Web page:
S.M. Sikri, C.J.
1. This appeal by special leave is against the order of the Central Registrar of Cooperative Societies New Delhi dismissing the appeal filed by Panchshila Industrial Cooperative Society (Multi Unit) appellant before us against the award passed by the Arbitrator (Deputy Registrar of Cooperative Societies Rohtak) dated October 7, 1969, in respect of the dispute between the Gurgaon Central Cooperative Bank Ltd., Gurgaon respondent before us and the appellant. The Central Registrar held that he was not the appropriate appellate authority against the award in question.
2. The only question which arises before us is whether the Central Registrar was the appropriate authority on the facts of this case. The relevant facts are these. The respondent Bank approached the Registrar of Cooperative Societies Haryana for resolving a dispute between the Bank and one of its members appellant before us. The Registrar by his order dated February 17, 1968, in exercise of the powers vested in him under Section 56 of the Punjab Co-operative Societies Act, 1961, referred the dispute to the Deputy Registrar Cooperative Societies Rohtak for decision. The arbitrator gave the award on October 7, 1969, directing that the appellant do pay to the respondent in all Rs. 16,05,658-20 together with interest at the rate of six and a half per cent per annum until the realisation of the principal amount viz. Rs. 11,52,535.00.
3. The appellant as mentioned above filed an appeal against this award before the Central Registrar. The respondent Bank is a co-operative society governed by the provisions of the Punjab Co-operative Societies Act 1961. Section 55(1) of this Act inter alia provides that if any dispute touching the Constitution management or the business of a co-operative society arises between a member and the society such dispute shall be referred to the Registrar for decision and no Court shall have jurisdiction to entertain any suit or other proceeding in respect of such dispute. Section 55(2) provides that for the purposes of Sub-section (1) a claim by the society for any debt or demand due to it from a member or the nominee heirs or legal representatives of a deceased member whether such debt or demand be admitted or not, shall be deemed to be a dispute touching the Constitution, management or the business of the co-operative society. Sub-section (3) of Section 55 provides that 'if any question arises whether a dispute referred to the Registrar under this section is or is not a dispute touching the Constitution management or the business of a cooperative society, the decision thereon of the Registrar shall be final and shall not be called in question in any court.'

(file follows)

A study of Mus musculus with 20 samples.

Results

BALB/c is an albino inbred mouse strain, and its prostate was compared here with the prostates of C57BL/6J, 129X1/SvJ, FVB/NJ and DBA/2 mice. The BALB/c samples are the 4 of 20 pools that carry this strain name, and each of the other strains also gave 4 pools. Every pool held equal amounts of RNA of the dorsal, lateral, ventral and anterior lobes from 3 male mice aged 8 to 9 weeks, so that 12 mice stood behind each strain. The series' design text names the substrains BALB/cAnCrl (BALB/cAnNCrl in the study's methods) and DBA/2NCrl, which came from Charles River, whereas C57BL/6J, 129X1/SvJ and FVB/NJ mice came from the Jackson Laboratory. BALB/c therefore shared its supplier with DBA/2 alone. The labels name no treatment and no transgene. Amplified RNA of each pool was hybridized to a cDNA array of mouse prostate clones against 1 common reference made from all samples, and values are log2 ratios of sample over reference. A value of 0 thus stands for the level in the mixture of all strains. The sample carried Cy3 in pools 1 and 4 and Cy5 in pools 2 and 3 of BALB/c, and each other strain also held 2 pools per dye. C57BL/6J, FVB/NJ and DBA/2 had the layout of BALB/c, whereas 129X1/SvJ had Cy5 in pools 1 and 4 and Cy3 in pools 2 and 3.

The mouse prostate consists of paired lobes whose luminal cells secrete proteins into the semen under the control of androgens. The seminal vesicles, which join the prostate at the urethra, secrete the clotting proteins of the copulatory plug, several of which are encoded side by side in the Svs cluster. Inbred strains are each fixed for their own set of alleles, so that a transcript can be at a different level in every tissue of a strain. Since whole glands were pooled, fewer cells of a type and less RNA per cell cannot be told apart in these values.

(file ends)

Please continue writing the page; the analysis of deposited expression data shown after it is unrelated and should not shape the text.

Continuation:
4. There is no doubt that the dispute between the respondent Bank and the appellant fell within Section 55 and was properly referred to arbitrations under that section. It is however, contended that the appellant was registered in December 1955 under the Punjab Cooperative Societies Act, 1955 and by virtue of the States Reorganisation Act, 1956 and Section 5A of the Multi-Unit Co-operative Societies Act, 1942, the appellant has ceased to be governed by the provisions of the Punjab Co-operative Societies Act because it has become a multi-unit co-operative society. There is no doubt that by virtue of the States Reorganisation Act, 1956 and Section 5A of the Multi-Unit Co-operative Societies, Act, 1942, the appellant has become a multi-unit co-operative society and the Multi-Unit Co-operative Societies Act applies to it. But that Act is for the incorporation, regulation and winding up of co-operative societies with objects not confined to one State and it has no impact on Section 55 of the Punjab Co-operative Societies Act, 1961, inasmuch as the appellant remains a member of the co-operative society, namely, the respondent Bank. There is nothing in the provisions of the Multi-Unit Co-operative Societies Act to indicate that a multi-unit co-operative society cannot be a member of a co-operative society governed by the Punjab Act of 1961. If the appellant continues to be a member, then the terms of Section 55 apply and a dispute can be referred to arbitration under that section. An appeal against that award lies under Section 68 of the Punjab Act of 1961 to the Government of the decision or order was made by the Registrar and to the Registrar if the decision or order was made by any other person. It is quite clear therefore, that the Central Registrar had no jurisdiction to hear the appeal.
5. The learned Counsel next contends that the Central Registrar should not have dismissed the appeal but returned the memorandum of appeal for presentation to the proper authority. There is no statutory provision enabling the Central Registrar to do so. At any rate, if an appeal is filed before the appropriate authority under the Punjab Co-operative Societies Act, 1961, that authority will no doubt take into consideration the provisions of Section 14 of the Limitation Act, 1963, read with Section 29(2) and decide whether the appeal should be entertained or not.
6. In the result the appeal fails and is dismissed with costs.